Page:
WHAT WE DO IS DEFINITELY BASED OFF EMOTION . . . WE DO THINGS A LITTLE INTUITIVELY WITHOUT A REALLY SOLID STATEMENT.John Holland
Salem has the loveliest contradictions. A murky electronic trio that emerged in 2008 from the wooded depths of rural Traverse City, Michigan, their music is the product of blending brooding, foggy synths with the molasses sludge of slowed-down Texas screw-rap. It’s a sound that quickly earned bandmates Jack Donoghue, 22, John Holland, 24, and Heather Marlatt, 26 (who, at the time of this writing, was nine-months pregnant) a cult following.
Yet Salem’s music alone hardly explains the recent explosion of the threesome as representative of something larger than just a new Midwestern band. They’ve become somewhat hard-to-define style icons as well and occasional wanderers in the downtown New York City art and fashion scenes. Perhaps it was the release last year of their album King Night, which sounds like the work of a forlorn, lethargic Southern rapper calling in from the wrong side of the River Styx. It made the trio a flagship for a nebulous new genre called “witch house.” It also inspired designer Riccardo Tisci to use the band’s ghostly tracks in a runway show for Givenchy, officially certifying the Salem phenomenon. More recently, it has been Donoghue’s presence on fashion sites, party pages, and red carpets that has seemed to forecast a different direction for the once utterly obscure threesome; the young, brooding musician appeared, for example, alongside Courtney Love, holding hands, at last summer’s amfAR Gala.
Scene-making cameos aside, the three members of Salem maintain their outsider status as well as their resident status as die-hard Midwesterners. And as they ready their second album, which will be released sometime next year, they are working hard to keep the group a thing of its own—weird and strange as it is. “I think that a lot of what we do is definitely based off emotion,” explains Holland, on a conference call from Traverse City. “We do things a little intuitively without a really solid statement.”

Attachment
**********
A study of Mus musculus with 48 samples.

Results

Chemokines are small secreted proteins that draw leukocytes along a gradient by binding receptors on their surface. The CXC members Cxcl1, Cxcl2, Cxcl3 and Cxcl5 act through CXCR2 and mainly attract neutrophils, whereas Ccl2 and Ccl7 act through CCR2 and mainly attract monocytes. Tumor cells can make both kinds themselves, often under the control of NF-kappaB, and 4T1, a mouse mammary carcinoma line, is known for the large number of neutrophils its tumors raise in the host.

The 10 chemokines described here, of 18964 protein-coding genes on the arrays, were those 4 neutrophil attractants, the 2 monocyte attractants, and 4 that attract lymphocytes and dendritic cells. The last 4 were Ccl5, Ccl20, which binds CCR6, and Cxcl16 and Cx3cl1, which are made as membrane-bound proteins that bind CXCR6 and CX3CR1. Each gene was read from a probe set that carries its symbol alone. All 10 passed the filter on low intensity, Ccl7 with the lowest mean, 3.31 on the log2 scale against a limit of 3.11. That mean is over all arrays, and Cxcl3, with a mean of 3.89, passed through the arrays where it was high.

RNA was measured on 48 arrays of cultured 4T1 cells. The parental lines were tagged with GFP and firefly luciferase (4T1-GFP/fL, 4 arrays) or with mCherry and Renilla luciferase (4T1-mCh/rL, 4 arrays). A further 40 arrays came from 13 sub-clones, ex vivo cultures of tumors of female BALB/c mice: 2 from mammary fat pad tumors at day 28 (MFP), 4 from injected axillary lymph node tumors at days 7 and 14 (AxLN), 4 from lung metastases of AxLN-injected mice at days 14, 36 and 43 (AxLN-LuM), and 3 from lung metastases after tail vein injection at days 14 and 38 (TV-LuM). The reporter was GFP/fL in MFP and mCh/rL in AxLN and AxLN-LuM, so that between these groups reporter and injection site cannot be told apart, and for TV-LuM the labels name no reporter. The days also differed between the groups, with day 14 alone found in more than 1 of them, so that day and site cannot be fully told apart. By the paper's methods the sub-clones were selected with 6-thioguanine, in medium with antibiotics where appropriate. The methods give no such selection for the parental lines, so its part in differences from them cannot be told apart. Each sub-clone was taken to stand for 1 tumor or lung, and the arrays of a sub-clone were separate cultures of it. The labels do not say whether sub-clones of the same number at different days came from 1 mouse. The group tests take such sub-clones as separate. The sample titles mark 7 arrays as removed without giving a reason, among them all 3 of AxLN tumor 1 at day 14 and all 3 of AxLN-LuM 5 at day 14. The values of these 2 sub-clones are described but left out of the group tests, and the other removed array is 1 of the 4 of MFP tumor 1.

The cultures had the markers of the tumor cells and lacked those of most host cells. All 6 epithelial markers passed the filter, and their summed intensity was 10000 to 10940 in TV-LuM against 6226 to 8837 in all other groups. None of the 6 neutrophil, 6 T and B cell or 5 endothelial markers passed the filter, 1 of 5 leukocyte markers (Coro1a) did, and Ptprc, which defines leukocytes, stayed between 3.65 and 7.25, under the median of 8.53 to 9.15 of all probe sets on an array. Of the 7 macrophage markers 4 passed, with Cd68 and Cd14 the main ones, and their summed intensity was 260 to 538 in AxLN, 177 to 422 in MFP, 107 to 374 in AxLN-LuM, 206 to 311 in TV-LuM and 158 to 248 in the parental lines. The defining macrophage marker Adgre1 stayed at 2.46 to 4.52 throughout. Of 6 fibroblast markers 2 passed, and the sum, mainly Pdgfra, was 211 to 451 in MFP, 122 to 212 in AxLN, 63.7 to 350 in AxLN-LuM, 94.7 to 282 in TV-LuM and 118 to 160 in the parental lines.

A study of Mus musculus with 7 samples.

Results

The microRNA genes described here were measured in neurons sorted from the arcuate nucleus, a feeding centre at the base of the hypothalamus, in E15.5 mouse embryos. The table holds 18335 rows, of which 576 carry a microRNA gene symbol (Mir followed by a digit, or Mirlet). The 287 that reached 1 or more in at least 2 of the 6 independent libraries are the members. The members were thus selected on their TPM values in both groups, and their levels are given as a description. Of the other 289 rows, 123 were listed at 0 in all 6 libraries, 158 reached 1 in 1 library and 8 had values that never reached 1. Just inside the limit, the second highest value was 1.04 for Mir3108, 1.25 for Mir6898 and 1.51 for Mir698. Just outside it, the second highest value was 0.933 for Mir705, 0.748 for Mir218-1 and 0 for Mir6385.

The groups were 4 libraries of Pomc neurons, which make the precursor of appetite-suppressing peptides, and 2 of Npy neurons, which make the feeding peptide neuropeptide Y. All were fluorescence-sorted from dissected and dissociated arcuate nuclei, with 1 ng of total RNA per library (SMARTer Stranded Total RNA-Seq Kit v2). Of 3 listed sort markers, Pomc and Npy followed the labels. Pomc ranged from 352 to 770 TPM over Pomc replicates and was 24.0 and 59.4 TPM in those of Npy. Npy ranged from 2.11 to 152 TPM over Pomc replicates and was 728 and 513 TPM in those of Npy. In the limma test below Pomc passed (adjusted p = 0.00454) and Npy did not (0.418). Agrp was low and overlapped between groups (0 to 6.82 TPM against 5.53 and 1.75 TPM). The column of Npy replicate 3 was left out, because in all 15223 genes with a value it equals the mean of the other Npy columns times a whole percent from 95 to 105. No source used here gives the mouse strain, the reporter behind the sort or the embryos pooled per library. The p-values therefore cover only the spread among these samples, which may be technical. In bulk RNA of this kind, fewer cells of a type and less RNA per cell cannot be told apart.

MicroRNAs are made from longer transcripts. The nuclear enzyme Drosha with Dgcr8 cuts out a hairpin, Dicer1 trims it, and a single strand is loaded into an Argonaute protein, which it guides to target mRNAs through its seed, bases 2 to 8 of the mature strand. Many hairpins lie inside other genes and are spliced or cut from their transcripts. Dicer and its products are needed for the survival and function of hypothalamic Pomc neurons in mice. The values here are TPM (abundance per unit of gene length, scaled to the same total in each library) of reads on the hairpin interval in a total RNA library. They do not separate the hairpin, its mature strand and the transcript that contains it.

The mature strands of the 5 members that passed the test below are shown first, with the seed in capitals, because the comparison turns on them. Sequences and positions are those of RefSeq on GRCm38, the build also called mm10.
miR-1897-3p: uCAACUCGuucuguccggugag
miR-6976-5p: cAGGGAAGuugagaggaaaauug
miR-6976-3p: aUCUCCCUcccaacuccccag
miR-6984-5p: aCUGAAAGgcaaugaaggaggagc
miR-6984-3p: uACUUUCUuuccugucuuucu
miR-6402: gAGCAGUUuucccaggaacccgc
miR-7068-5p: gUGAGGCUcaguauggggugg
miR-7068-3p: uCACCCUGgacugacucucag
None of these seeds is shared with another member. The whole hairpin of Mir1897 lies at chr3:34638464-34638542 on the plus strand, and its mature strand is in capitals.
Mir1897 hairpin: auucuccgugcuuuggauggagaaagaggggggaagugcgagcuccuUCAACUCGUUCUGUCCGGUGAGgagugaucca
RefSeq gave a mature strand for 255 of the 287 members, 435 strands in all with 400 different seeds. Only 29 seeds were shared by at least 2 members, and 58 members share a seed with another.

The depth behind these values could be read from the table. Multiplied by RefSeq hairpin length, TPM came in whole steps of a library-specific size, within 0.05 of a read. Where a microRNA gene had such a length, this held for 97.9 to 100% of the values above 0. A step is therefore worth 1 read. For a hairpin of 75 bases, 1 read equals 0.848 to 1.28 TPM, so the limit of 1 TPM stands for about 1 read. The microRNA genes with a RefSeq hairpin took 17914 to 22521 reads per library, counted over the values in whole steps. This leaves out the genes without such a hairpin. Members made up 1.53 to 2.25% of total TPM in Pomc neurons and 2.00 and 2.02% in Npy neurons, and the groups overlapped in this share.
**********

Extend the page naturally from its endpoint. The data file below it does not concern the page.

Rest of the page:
This abiding belief in their own intuition explains why the band, whose first EP was called Yes I Smoke Crack, and who have released a series of sludgy remixes of acts as varied as Atlanta rapper Gucci Mane and Britney Spears would be interested in moving beyond the typical rock formula. In fact, they’re expanding their idea of what Salem can be in terms of the visual, emotional, and visceral—even if that means making you uncomfortable. They’ve already apprenticed in shock with their notorious live shows, perceived by some as studies in not giving a shit, but defended by others as challenging, interesting, and, indeed, maybe even a form of performance art. At a much-derided performance at SXSW 2010, for instance, they were booed offstage just a few songs in. “Something we were frustrated with when we started was that we didn’t feel like we had any control over always having traditional venues, where people drink and have expectations of what a live show would be,” says Donoghue. So it’s interesting for us to set up environments to take them outside of that comfort zone.” They’re also planning more trips to New York to work on other projects: Salem’s confounding of expectations will include a new foray into the art world in October, when the group will have their first solo show at curator Kathy Grayson’s new gallery on the Bowery, the Hole (no connection to Ms. Love). “We’re always thinking of ideas for installations, for performance-piece type things, to make it less of a traditional show and more of an experience,” says Marlatt. And they’ve recently completed a video for “King Night” directed by photographer Theo Wenner, son of Rolling Stone founder Jann Wenner. In the meantime, they remain faithful to their beloved Midwest and don’t see themselves moving anytime soon. The Hole’s creative director, Fabiola Beracasa, touts the band’s willingness to let their selvage show: “What draws me to the Salem aesthetic and sound is the perfection of imperfection,” she says. In a world of appearance and polish, it’s great to see genuine non-conformist truth.” Beracasa adds, “Just as it is when we don’t pretend.”
Photos: Salem in Traverse City, Michigan, July 2011.